Note: This post was written in June 2011. Since then I got myself a kindle.
The kid has her own Kindle, heavens be praised. I get the android to myself finally. The saga of female authors continues.
1. Cleo Coyle: Through the Grinder After the third book in the Coffeehouse mystery series, what makes you continue to read the series is the curiosity of what happened to the hero(ine) whose love life runs on a parallel track. So, that way, it is not really a mystery series but a romance series with some poor mystery thrown in for variety. It gets irritating after a point. I mean, if it takes one mystery to meet the guy, second mystery to befriend him, third to sleep with him, fourth to break up and fifth to get back together and so on, it is quite the soap opera. The mysteries are pretty banal as well.
2. Isabel Allendale: Kingdom of the Golden Dragon The golden rule of writing is this – “Write from experience, not hearsay”. I am sick of non-Indian writers, associating India with cows, snake charmers and dirt. Writers, aiming to write stories with an Indian context – remember this – Cows are banned from roaming the roads in metropolitan cities (such as Delhi, where Allendale’s dead cow stumps traffic), an average Indian has not seen a snake charmer in twenty years and so on. I do not have first hand information on Tibetan monks, so refrain from making statements here, but I suspect Isabel Allendale mish-mashed stuff she found on some third rate, pseudo-nationalistic, pseudo-religious, pseudo-scientific website about Tibet and came up with all the various mystical stuff in her story. Throw into it South American mumbo jumbo of totemic animals, sorceress and People of the Mist, you have a rotten union of James Rollins-J.K. Rowling whatever.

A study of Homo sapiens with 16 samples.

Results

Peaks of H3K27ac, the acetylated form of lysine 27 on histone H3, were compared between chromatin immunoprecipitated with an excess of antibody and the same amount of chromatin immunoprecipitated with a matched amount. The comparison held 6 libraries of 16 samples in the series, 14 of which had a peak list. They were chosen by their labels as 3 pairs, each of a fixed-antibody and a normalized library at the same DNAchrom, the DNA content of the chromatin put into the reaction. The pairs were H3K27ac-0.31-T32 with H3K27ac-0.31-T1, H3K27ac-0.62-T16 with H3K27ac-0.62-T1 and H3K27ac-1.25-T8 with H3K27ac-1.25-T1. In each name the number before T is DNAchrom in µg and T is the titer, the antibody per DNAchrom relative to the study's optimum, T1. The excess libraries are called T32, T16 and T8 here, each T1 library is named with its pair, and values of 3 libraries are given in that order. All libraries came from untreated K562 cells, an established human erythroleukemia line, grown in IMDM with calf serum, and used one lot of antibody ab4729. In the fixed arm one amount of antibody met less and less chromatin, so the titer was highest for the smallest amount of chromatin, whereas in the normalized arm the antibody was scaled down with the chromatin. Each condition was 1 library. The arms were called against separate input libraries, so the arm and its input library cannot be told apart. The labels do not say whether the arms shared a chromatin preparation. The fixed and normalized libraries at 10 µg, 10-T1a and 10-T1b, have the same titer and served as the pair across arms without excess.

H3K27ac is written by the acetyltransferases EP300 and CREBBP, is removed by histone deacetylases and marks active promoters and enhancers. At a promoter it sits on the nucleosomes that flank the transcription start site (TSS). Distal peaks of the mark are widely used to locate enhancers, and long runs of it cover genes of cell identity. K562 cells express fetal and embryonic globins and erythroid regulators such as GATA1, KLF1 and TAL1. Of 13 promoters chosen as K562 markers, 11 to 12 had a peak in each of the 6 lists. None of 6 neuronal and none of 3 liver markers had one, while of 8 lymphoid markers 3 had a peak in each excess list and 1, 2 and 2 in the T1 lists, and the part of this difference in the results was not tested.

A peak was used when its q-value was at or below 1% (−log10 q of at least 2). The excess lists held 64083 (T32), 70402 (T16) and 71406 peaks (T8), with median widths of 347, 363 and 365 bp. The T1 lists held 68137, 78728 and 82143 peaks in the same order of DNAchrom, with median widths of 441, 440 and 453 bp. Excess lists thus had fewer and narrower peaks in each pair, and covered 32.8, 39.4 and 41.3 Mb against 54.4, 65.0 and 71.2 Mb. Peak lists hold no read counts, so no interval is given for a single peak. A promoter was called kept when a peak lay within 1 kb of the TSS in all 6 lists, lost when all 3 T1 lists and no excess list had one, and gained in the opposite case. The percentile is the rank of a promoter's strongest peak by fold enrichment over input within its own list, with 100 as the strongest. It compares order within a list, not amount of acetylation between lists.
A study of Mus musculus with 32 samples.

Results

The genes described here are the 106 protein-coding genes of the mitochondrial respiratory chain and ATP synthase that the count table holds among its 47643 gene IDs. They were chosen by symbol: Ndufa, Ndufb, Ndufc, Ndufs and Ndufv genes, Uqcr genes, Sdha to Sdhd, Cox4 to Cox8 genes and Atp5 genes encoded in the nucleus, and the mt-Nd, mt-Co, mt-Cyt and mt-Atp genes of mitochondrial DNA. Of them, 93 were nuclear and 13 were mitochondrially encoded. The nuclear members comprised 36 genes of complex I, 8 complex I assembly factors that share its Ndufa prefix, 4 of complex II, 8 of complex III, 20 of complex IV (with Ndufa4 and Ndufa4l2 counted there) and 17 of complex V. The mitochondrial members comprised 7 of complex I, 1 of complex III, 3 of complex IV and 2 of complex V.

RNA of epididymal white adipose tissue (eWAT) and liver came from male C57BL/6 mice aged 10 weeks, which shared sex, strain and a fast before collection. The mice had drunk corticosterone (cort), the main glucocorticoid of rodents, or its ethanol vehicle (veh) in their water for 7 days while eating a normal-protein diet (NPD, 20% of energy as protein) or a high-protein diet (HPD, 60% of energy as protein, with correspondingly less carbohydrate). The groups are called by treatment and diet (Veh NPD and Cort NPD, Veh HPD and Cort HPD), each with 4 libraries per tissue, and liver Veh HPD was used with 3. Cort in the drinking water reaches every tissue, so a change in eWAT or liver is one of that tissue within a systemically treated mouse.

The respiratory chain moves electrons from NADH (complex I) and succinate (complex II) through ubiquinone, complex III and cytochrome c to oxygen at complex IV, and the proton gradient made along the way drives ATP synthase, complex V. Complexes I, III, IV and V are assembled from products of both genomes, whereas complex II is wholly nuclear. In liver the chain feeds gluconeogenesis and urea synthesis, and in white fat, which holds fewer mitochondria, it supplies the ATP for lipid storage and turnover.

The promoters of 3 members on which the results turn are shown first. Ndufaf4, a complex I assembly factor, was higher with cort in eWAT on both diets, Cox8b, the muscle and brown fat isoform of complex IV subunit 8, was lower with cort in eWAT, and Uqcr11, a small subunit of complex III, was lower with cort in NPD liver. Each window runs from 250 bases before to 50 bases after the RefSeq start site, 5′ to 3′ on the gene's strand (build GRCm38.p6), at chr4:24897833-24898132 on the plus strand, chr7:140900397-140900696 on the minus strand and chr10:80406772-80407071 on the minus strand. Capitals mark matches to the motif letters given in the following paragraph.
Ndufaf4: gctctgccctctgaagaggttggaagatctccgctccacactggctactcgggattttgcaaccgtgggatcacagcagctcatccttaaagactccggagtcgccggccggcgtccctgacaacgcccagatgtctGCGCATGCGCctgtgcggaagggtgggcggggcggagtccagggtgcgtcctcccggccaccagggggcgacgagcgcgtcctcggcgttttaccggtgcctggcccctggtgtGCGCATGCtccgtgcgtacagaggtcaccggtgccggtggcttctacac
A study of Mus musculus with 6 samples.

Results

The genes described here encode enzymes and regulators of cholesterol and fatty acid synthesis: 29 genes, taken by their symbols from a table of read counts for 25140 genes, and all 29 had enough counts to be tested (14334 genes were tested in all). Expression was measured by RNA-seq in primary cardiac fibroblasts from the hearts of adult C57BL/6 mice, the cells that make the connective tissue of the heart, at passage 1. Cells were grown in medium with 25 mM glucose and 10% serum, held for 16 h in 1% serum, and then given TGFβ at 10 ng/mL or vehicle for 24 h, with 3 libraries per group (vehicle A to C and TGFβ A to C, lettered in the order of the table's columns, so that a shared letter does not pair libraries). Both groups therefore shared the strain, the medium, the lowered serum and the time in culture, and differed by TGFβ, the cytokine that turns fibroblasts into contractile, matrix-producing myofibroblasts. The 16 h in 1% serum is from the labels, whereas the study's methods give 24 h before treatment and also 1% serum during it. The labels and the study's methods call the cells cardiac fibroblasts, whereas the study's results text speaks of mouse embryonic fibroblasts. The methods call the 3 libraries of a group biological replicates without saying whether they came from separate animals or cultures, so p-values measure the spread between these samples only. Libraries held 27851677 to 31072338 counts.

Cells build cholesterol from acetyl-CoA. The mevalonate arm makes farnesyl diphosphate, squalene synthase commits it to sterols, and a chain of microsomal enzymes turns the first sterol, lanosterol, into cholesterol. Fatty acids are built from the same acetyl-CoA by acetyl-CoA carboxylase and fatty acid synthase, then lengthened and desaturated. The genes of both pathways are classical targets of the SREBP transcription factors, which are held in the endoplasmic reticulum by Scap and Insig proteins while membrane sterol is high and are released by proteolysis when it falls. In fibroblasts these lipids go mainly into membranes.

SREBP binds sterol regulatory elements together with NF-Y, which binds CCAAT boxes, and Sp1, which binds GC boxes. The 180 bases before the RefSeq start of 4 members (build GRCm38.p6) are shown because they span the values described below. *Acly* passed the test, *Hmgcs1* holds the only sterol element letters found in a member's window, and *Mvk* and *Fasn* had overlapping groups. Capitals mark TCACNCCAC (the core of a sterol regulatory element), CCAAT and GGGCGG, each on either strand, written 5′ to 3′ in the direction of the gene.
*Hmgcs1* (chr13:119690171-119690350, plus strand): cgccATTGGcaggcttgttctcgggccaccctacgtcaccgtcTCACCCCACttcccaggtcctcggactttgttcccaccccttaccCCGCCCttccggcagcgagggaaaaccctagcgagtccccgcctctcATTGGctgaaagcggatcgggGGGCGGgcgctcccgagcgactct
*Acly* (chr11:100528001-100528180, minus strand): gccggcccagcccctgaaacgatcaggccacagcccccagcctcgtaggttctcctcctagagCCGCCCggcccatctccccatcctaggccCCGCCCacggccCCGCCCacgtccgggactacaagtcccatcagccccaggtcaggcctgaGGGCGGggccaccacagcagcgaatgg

3. Barbara Cleverly: The Last Kashmiri Rose A refreshing mystery, set in Colonial India. The historic setting is near perfect (not that I would know firsthand; only from information passed down through generations..) and the mystery itself, intelligent and almost practical. The style is engaging, the mystery compelling, romance subtle and no where does the story sag. And NO COWS. Hallelujah !
4. Lyn Hamilton: Archeological Mystery4 – Celtic Riddle I am sure people interested in Celtic/Irish mythology/history will find this book very interesting. For me, it dragged a bit because I do not know much history/mythology other than Indian and it seemed too much effort to understand the background stuff to understand the book. Nevertheless, I read it skipping pages here and there. So, I can’t really comment much.
5.Louise Penny: Still Life The closest to Agatha Christie. Murder in a small hamlet. And how it is solved. Expected murderer, and good logic. Thankfully, the detective does not fall in love with someone ! Well written. Engaging.
6. Earlene Fowler: Fools Paradise Good story. A little sagging in the middle, the detective falls in love with the policeman. Is this some kind of the in-thing?
I think I will take a break from books. Forced. I have a big deadline coming up, and a one week trip around which I need to work. The heat is draining, the kid and dude’s vacation mood is rubbing off on me and the brain is simply refusing to function. The panic is growing, hopefully all the adrenalin should help me start.